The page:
What does satire mean?

Definitions for satire
ˈsæt aɪərsatire

Here are all the possible meanings and translations of the word satire.

Princeton's WordNet

  1. sarcasm, irony, satire, caustic remarknoun

    witty language used to convey insults or scorn

    "he used sarcasm to upset his opponent"; "irony is wasted on the stupid"; "Satire is a sort of glass, wherein beholders do generally discover everybody's face but their own"--Jonathan Swift


  1. satirenoun

    A literary technique of writing or art which principally ridicules its subject often as an intended means of provoking or preventing change. Humour is often used to aid this.

  2. satirenoun

    A satirical work.

Samuel Johnson's Dictionary

  1. SATIREnoun

    A poem in which wickedness or folly is censured. Proper satire is distinguished, by the generality of the reflections, from a lampoon which is aimed against a particular person; but they are too frequently confounded.

    Etymology: satira, anciently satura, Lat. not from satyrus, a satyr; satire, Fr.

    He dares to sing thy praises in a clime
    Where vice triumphs, and virtue is a crime;
    Where ev’n to draw the picture of thy mind,
    Is satyr on the most of human kind. Dryden.

Webster Dictionary

  1. Satireadjective

    a composition, generally poetical, holding up vice or folly to reprobation; a keen or severe exposure of what in public or private morals deserves rebuke; an invective poem; as, the Satires of Juvenal

  2. Satireadjective

    keeness and severity of remark; caustic exposure to reprobation; trenchant wit; sarcasm


  1. Satire

    Satire is a genre of literature, and sometimes graphic and performing arts, in which vices, follies, abuses, and shortcomings are held up to ridicule, ideally with the intent of shaming individuals, and society itself, into improvement. Although satire is usually meant to be funny, its greater purpose is often constructive social criticism, using wit as a weapon. A common feature of satire is strong irony or sarcasm—"in satire, irony is militant"—but parody, burlesque, exaggeration, juxtaposition, comparison, analogy, and double entendre are all frequently used in satirical speech and writing. This "militant" irony or sarcasm often professes to approve of the very things the satirist wishes to attack. Satire is nowadays found in many artistic forms of expression, including literature, plays, commentary, and media such as lyrics.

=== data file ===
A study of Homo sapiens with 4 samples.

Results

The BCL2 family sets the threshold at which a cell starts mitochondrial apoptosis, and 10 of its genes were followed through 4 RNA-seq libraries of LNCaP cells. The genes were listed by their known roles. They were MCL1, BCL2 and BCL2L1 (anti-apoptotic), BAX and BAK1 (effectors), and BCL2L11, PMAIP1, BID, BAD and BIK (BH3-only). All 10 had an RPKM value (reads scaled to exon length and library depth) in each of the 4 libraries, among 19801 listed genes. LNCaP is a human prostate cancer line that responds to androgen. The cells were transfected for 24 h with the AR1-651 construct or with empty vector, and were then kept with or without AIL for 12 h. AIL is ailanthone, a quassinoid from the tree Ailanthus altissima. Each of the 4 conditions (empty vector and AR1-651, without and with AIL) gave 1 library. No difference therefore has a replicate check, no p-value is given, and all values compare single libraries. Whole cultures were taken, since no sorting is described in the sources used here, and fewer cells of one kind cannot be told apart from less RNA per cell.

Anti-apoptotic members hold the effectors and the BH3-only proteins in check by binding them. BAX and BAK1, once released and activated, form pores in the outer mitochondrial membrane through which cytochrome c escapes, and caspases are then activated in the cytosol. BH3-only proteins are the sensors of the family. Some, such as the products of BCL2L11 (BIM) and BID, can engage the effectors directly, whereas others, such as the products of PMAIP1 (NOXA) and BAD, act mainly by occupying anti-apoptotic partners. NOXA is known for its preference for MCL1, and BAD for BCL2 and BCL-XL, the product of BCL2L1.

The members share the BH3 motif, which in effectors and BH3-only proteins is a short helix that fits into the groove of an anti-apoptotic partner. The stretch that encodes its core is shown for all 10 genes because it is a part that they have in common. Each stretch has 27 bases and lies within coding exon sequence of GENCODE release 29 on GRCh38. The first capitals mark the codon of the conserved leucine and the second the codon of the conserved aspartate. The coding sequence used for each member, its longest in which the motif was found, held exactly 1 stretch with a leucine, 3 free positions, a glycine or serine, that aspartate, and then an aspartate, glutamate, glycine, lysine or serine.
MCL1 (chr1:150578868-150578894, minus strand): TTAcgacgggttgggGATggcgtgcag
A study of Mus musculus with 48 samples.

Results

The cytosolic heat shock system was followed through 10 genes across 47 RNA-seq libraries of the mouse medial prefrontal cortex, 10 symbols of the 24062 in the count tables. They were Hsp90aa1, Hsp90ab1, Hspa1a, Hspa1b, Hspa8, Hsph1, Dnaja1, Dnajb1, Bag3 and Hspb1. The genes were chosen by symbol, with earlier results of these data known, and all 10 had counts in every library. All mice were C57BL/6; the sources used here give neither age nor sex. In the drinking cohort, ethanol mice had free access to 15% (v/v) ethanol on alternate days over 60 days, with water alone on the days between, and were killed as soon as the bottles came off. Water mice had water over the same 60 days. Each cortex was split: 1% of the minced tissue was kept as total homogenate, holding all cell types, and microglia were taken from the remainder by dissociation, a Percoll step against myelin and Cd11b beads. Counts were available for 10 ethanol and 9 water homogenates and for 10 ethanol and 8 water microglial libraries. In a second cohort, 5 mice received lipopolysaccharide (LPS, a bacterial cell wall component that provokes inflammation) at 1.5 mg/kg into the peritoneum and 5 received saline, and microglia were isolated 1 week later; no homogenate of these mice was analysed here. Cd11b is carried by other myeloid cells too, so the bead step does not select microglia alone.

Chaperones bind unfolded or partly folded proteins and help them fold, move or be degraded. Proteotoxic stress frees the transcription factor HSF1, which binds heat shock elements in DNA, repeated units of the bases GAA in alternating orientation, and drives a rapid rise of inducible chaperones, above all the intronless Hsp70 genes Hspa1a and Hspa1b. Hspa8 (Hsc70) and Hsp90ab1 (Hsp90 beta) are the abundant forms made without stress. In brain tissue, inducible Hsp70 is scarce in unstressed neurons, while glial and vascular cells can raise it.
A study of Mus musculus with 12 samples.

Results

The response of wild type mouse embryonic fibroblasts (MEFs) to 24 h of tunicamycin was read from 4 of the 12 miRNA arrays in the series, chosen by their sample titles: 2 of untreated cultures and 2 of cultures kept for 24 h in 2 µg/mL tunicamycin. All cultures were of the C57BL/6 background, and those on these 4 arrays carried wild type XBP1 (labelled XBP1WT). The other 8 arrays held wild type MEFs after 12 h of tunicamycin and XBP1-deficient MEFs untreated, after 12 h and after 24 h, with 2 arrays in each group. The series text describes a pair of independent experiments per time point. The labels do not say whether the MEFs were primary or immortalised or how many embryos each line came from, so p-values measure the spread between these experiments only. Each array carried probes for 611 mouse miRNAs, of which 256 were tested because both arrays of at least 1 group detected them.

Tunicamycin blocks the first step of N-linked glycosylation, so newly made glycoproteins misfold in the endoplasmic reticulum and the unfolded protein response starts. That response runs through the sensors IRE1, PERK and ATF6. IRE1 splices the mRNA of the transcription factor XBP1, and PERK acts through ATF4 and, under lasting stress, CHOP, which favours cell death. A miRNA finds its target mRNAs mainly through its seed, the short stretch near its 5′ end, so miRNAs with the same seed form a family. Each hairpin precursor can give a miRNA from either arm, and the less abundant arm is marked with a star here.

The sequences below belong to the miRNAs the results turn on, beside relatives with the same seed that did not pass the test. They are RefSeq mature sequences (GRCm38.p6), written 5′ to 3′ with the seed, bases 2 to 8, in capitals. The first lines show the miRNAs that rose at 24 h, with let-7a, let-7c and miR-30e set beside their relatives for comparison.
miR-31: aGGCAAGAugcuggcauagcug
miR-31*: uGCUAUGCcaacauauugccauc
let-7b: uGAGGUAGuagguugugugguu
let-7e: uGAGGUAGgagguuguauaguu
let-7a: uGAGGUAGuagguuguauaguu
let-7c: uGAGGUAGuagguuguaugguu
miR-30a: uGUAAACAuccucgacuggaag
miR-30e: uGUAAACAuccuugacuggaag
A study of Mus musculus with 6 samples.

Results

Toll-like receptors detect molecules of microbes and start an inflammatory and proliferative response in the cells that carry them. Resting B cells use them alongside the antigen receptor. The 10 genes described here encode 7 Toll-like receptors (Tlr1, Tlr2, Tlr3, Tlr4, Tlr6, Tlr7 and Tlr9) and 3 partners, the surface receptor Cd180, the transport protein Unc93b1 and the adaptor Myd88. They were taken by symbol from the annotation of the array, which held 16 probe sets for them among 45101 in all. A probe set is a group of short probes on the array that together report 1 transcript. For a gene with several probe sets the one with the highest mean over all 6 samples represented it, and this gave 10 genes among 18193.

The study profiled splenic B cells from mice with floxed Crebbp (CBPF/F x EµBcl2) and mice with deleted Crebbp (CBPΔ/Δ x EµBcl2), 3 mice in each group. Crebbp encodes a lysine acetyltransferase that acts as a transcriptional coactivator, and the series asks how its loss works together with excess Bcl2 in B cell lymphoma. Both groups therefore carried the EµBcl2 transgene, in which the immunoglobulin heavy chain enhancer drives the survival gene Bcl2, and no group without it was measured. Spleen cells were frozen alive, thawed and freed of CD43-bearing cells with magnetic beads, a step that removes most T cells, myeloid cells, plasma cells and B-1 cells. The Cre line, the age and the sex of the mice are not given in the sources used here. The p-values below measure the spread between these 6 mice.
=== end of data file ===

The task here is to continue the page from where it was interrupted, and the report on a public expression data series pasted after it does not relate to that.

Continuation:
Chambers 20th Century Dictionary

  1. Satire

    sat′īr, or sat′ir, n. a literary composition, orig. in verse, essentially a criticism of man and his works, whom it holds up either to ridicule or scorn—its chief instruments, irony, sarcasm, invective, wit and humour: an invective poem: severity of remark, denunciation: ridicule.—adjs. Satir′ic, -al, pertaining to, or conveying, satire: sarcastic: abusive.—adv. Satir′ically.—n. Satir′icalness, the state or quality of being satirical.—v.t. Sat′irīse, to make the object of satire: to censure severely.—n. Sat′irist, a writer of satire. [Fr.,—L. satira, satura (lanx, a dish), a full dish, a medley.]

The Nuttall Encyclopedia

  1. Satire

    a species of poetry or prose writing in which the vice or folly of the times is held up to ridicule, a species in which Horace and Juvenal excelled among the Romans, and Dryden, Pope, and Swift among us.

Anagrams for satire »

  1. striae

  2. terais

How to pronounce satire?

How to say satire in sign language?


  1. Chaldean Numerology

    The numerical value of satire in Chaldean Numerology is: 7

  2. Pythagorean Numerology

    The numerical value of satire in Pythagorean Numerology is: 9

Examples of satire in a Sentence

  1. Norman Siegel:

    SantaCon is a cultural public commentary on the Christmas season, from a critique of consumerism to cultural and charitable giving, it's part satire and has an edge.

  2. Baron Cohen:

    At no time did I endorse training toddlers in handling guns. Nor was the idea even presented to me directly. If it had been, I would have rejected it, i love good satire, but good satire must reveal some basis in truth. This was fraud, a sick fraud at that, and its intention was to deceive the American people for political purposes.

  3. Christian Bale:

    When I read the book, I was laughing straight away. I ’d no idea people saw it as anything other than satire.

  4. Postreported Volitich:

    None of the statements released about my being a white nationalist or white supremacist have any truth to them, nor are my political beliefs injected into my teaching of social studies curriculum, while operating under the Russian pseudonym ‘Tiana Dalichov’ on social media and the Unapologetic Podcast, I employed political satire and exaggeration, mainly to the end of attracting listeners and followers, and generating conversation about the content discussed between myself and my guests.

  5. Armando Bo:

    It's one of these cases where the truth is stranger than fiction so I was kind of forced to make it comedy, satire.